Why (online) volunteering is here to stay

Volunteering has seen a boom during the pandemic, more than 10 million people volunteered in their community during the coronavirus crisis[1]. This ranged from the army of NHS volunteers to people informally supporting their neighbours.

As well as the volunteers in our foodbanks and hospitals, at Street League we had our own army of online volunteers who offer skills-based support. Each volunteering session offers young people 1-2-1 support, helping them to develop their CVs or practice their interview technique.

Online was never going to be a replacement for in person volunteering and experience, but we were quick to make sure we made the move so young people didn’t miss out. Moving our volunteering opportunities online helped us reach more young people from a wider geographical area, as well as making it easier for our volunteers who find it hard to get away from their desks. We were quick to adapt, holding our first online volunteering session in March 2020.

Eva from Paysafe took part in a mock interview workshop in July 2020 with participants from Renfrewshire and Inverclyde, she said: “It was an eye opening and very gratifying experience, it felt amazing to be able to help young people even in such a small way. It proved challenging for me too, it's not very easy to interview people who are not completely ready to be interviewed.”

It was an eye opening and very gratifying experience, it felt amazing to be able to help young people even in such a small way.

Eva

Volunteer, Paysafe

Eva is among more than 200 volunteers each year who support our participants, giving them the chance to practice their interview technique and help them to improve their CVs.

Volunteering session with Quilter Cheviot plc

Image: Volunteering session with Quilter plc

It might be surprising to hear, but many of the young people we work with have never heard of a CV before coming to us, let alone thought about writing one. This makes the achievement of completing one even more significant. For Ismaeel, a participant from Birmingham, when asked what he’s most proud of since joining the programme, with a wry smile, he answered: “probably my CV — I’ve just finished it a minute ago.”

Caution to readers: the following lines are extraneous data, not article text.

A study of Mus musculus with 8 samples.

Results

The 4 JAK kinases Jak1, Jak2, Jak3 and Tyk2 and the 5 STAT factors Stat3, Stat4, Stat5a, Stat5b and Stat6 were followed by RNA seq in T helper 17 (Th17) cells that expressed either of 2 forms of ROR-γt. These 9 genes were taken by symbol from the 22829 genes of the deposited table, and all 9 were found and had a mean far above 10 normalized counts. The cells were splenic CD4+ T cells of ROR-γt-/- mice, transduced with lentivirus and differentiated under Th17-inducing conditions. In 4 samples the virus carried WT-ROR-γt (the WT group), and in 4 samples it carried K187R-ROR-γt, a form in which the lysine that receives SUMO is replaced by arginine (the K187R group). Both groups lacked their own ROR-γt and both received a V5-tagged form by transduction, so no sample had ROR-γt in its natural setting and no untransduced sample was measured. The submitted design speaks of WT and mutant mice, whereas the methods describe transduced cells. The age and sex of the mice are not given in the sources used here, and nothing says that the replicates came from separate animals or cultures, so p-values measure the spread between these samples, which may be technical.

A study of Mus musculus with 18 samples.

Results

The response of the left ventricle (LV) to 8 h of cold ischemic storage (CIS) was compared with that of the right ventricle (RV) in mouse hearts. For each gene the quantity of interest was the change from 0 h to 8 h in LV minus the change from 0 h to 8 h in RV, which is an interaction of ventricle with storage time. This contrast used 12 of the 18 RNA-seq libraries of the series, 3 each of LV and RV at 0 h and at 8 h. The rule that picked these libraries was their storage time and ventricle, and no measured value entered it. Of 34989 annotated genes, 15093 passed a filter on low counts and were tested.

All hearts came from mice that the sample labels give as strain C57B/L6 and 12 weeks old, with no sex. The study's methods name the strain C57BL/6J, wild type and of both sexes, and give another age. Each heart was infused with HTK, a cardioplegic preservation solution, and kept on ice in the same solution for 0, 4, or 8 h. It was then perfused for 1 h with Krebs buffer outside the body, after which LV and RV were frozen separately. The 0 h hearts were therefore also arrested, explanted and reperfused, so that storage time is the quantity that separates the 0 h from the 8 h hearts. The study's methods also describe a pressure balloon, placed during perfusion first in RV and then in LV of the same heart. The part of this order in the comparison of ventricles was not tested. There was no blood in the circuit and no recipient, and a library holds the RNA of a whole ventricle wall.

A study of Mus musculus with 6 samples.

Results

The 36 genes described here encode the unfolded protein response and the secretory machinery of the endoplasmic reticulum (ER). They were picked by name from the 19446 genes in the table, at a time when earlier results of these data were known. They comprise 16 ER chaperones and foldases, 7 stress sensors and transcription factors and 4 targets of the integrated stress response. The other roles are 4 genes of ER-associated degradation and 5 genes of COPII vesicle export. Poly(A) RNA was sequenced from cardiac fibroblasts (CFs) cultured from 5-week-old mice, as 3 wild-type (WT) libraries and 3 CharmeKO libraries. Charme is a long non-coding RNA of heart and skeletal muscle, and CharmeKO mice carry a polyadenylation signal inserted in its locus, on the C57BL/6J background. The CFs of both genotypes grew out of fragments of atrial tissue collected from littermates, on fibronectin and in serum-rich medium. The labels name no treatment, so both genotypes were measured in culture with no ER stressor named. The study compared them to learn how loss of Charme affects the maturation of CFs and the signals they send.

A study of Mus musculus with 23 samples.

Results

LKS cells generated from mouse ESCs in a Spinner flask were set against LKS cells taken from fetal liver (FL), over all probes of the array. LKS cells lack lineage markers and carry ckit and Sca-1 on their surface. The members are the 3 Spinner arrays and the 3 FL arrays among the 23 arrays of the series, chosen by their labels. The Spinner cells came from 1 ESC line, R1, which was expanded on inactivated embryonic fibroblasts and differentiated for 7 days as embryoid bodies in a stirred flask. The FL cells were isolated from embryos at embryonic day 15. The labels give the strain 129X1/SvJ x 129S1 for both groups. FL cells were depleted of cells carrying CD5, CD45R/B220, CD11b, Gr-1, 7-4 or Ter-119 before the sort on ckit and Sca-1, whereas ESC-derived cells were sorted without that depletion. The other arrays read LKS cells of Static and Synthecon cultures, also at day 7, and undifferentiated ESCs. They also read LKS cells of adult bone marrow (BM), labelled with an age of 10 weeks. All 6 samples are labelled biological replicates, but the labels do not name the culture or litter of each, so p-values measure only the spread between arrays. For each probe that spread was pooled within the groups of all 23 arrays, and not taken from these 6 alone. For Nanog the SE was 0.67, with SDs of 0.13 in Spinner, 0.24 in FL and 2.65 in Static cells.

Ismaeel, Birmingham participant holding a football

Image: Ismaeel, participant from Birmingham

Jack from Quilter plc took part in a CV workshop session in April 2020 with participants from Birmingham, he said “Joe and Anna are a credit to Street League and from this I have gained a glimpse into the brilliant work the organisation carries out.” Jack said his highlight was “being given the opportunity to help young people develop their CVs and hopefully putting them in a stronger position to secure interviews and employment.”

The age-old problem of how to get experience when you don’t have experience is common with many of the young people we work with. In the last year, 955 young people said lack of experience was their biggest barrier to finding employment (49%)[2].

Not having experience makes the world of work largely unknown for many of our participants. 249 of our participants in the last year came from workless backgrounds, this means that there isn’t experience at home either. Speaking to people with work experience helps to remove the fear of work, making it more familiar and less daunting. The workshops also help young people to build confidence and feel prepared.

Image: Adam, participant from Birmingham

This was the case for Adam from Birmingham who had never had an interview before doing a mock interview with volunteers from wealth management company, Quilter plc. Like many young people we work with he didn’t think he’d be able to. 

Thanks to support from volunteers like Eva and Jack, he was proved wrong: “The first one I was very nervous, but by the second one, after I had a feel for it, the conversation was flowing way better — I had a smile on my face and was enjoying it.”

The first one I was very nervous, but by the second one, after I had a feel for it, the conversation was flowing way better — I had a smile on my face and was enjoying it.

Adam

Participant, Birmingham

It’s also a rewarding experience for volunteers. Olivia from Mercedes-Benz volunteered in February 2021 at a mock interview workshop with participants from Sheffield, she said: “The interviews themselves were extremely enjoyable. Getting to meet the young people was great and the sessions felt really rewarding.” It was the second time Olivia had volunteered, coming back after doing a mock interview session with Leeds participants before Christmas.

Taking into account the successful feedback from both volunteers and participants and our ability to reach more young people from a wider range of areas, we will continue online volunteering. It won’t be the end of in person sessions but the beginning of a hybrid approach, doing both online and in person volunteering sessions with our partners and their employees.

Going online made it easier for people to volunteer and helped us reach even more young people. Remote volunteering hadn’t been a consideration before the pandemic, but now it’s here to stay.

If you’re interested in supporting Street League as a partner, please get in touch with Georgia Dessain

georgia.dessain@streetleague.co.uk  

[1] https://www.theguardian.com/society/2020/may/26/uk-volunteering-coronavirus-crisis-community-lockdown

[2] Statistics are from 28/05/20-27/05/21, 1912 young people started a programme with us during this period.